Bees vs. Wasps

Bees, wasps, hornets…what’s the difference and why should you care? Well, there is a big difference and everyone should care. While it is true they are all capable of stinging, that is not their sole mission in our environment. 

Honeybees, as everyone should know by now, are our most important insect pollinator. They are responsible for pollinating flowers, plants and trees and without them, many vegetable, fruit and nut crops would not be possible. They also provide millions of pounds of honey annually. Honeybees and other pollinators have a job to do and usually go about it, moving from flower to flower harmlessly and without incident. Honeybees rarely sting without provocation so if you leave them alone, they will leave you alone. 

Other stinging insects like wasps, hornets and some bee species can be a bit more unpredictable and aggressive. Unlike the honeybee, they may be able to sting multiple times and once they do they release an alarm pheromone that may attract others to join in. Wasps and hornets tend to be scavengers attracted to sweets and proteins (these are the uninvited guests at your picnic flying around the soda cans and salads).

So how do you know if it’s a honeybee or a wasp? If you see a “furry bee” with pollen on its legs working from flower to flower, it is probably a honeybee. Leave it alone and it will most likely do the same. On the other hand, if you see aggressive hornets and wasps it is best to call Exodus, leave these ones to the specialists. It is possible you may have a nest or nests on or around your home. Our trained technicians can inspect and discern if you are experiencing the harmful aggressors or just harmless pollinators!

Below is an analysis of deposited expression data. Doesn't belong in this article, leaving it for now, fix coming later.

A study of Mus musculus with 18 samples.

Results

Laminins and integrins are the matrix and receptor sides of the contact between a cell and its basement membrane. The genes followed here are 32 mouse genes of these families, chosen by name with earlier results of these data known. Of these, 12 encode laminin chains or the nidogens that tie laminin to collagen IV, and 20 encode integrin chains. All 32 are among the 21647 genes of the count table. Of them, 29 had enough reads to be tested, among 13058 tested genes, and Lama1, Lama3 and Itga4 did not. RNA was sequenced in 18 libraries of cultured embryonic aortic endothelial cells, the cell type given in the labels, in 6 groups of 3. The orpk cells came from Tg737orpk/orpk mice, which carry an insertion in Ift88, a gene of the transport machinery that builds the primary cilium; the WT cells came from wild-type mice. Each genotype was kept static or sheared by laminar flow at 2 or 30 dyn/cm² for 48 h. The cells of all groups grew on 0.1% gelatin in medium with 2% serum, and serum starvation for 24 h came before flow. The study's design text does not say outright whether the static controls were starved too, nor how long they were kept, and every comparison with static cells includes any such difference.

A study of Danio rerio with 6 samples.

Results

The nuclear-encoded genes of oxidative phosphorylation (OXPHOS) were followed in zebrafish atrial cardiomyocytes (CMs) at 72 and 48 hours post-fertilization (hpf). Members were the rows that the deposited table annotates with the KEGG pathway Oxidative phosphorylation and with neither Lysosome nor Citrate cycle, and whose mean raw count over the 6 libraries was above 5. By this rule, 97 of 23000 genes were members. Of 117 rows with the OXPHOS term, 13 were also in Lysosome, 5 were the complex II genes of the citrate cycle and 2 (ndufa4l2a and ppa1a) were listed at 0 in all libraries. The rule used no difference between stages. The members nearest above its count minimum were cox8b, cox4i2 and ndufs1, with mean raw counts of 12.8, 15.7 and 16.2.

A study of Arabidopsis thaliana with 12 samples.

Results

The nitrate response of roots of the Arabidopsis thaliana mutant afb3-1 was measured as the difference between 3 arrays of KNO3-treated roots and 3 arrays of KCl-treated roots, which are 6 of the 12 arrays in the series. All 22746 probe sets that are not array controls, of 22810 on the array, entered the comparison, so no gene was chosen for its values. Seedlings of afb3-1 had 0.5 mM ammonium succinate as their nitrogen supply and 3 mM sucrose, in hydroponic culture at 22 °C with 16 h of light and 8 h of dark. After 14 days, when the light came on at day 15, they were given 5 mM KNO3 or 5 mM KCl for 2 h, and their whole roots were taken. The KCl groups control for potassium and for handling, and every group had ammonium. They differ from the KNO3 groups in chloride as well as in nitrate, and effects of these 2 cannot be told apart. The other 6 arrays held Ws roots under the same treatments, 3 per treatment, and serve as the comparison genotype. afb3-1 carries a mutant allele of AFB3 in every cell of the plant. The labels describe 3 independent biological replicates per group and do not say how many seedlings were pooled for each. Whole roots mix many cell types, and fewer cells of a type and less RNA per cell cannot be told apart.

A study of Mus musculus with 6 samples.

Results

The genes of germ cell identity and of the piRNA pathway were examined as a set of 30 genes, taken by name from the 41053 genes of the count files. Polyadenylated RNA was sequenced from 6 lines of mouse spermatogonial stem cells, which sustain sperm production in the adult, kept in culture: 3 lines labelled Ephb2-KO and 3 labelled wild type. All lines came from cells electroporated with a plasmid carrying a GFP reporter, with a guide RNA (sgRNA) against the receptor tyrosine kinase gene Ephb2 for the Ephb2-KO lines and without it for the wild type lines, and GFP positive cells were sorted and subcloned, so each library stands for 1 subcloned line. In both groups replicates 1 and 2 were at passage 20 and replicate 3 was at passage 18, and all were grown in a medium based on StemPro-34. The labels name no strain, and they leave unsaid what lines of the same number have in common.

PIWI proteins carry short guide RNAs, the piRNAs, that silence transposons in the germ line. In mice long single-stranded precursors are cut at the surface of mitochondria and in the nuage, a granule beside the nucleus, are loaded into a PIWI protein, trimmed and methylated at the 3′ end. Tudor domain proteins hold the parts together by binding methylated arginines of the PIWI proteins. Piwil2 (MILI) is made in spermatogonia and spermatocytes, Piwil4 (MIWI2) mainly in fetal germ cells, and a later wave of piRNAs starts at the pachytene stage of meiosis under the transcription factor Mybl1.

Bee Rescuing 101

Please be sure they are wasps and not honey bees!

Many beekeepers head out to collect a swarm only to find that the insects are wasps. Callers who are unsure about the correct identification should submit a photo to the beekeeper.  Supply as much information as possible--location, accessibility, size and height—to prevent surprises.

Do not attempt to remove a swarm of honey bees yourself!

In most cases, a honey bee swarm does not pose a threat to people, pets or buildings. They are not defending their colony but are on the move for a new home. If the swarm is in clear view or within the height of a ladder, an experienced beekeeper can collect a swarm within a short period of time.

Please do not spray the cluster or kill them!

Swarming is the way honey bees reproduce. Do not kill them; we want to try to rescue and relocate them.  Unfortunately, the honey bee population has dwindled over the past decades.  Honey bees not only pollinate our crops, but they also pollinate a wide variety of plants that support other wildlife.  Only the strongest and healthiest of colonies produce swarms. Destroying them destroys the good genes.

The bees are vulnerable! 

When honey bees swarm, they cluster or “hang out” on a branch, a roof overhang or some other structure that offers some protection. They are very vulnerable.  The “swarm” is a collection of young and older bees and usually one queen. The queen is unable to fly far due to her comparatively short wings.  While they are clinging together, the “scout bees” are out searching for a new home for the colony.  Once that new location is identified and selected, the bees will fly off to establish their new home. Often a swarm will leave before you even notice it’s there!